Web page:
Prosecution for Illegal Use of a Narcotic While Pregnant (Note)

Prosecution for Illegal Use of a Narcotic While Pregnant (Note)

This act amends Tennessee’s fetal homicide law to allow the prosecution of a pregnant woman for the illegal use of a narcotic drug, if her child is born addicted or harmed by the drugs she took during her pregnancy.  The charge of assault is a misdemeanor offense, but if the child is harmed, aggravated assault, with a 15-year maximum prison term, could be charged. That a woman is enrolled in long term drug addiction treatment before the child is born, remains in the program after delivery and successfully completes the program is an affirmative defense under the law. The law is set to expire on July 1, 2016.

Submitted as:

SB 1391
Status:  Signed into law on April 29, 2014.

Tennessee is the only state to adopt a law to criminalize drug use during pregnancy. The 2014 bill followed on the heels of the Safe Harbor Act passed in 2013, (see page 91) which encouraged pregnant women to seek substance abuse treatment by removing the threat of losing custody of their baby.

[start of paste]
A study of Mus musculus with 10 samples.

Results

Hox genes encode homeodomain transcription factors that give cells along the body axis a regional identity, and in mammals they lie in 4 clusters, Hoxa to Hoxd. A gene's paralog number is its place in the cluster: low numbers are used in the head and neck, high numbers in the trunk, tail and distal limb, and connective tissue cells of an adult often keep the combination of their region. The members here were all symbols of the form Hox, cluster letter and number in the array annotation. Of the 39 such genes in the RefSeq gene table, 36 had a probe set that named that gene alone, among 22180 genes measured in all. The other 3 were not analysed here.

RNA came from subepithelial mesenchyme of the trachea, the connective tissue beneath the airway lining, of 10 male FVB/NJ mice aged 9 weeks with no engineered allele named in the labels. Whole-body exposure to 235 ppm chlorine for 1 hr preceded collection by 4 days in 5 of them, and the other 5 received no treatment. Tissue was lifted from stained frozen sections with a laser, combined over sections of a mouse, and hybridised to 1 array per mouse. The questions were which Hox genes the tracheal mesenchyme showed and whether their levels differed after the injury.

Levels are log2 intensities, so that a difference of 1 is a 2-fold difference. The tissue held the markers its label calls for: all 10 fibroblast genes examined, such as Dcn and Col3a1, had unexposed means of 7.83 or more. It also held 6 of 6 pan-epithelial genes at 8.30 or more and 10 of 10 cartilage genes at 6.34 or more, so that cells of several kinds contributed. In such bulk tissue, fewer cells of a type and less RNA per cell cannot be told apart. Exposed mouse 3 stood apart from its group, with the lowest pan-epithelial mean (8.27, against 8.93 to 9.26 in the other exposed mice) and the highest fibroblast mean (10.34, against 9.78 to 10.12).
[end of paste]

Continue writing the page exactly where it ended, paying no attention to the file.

Other states, according to a December 2014 Guttmacher Institute report, have laws on the books intended to address pregnant women who harm their babies because of substance abuse during their pregnancies, but they all stop short of criminalization.

  • 18 states consider substance abuse during pregnancy to be child abuse under civil child welfare laws;
  • 3 states consider substance abuse during pregnancy to be grounds for commitment of the pregnant woman;
  • 15 states require health care professionals to report suspected prenatal drug abuse; and
  • 4 states require testing of pregnant women for prenatal drug exposure if a health care professional suspects child abuse.

Only 19 states have drug treatment programs dedicated to the treatment of pregnant women. In 11 states, pregnant women have priority access to state-funded drug treatment programs.

State and national media reported the first arrest under the new law in July 2014 after an East Tennessee mother and her newborn tested positive for drugs. Her sentencing was ultimately postponed after she entered drug treatment.

Proponents of the bill say that in the first case, the law worked as intended, encouraging drug abuse treatment. Opponents of the law fear that pregnant women who may be abusing drugs will avoid health care altogether.

In an unusual move that secured bipartisan passage of the bill and the signature of Gov. Bill Haslam, the Tennessee law has a sunset clause setting its expiration on July 1, 2016.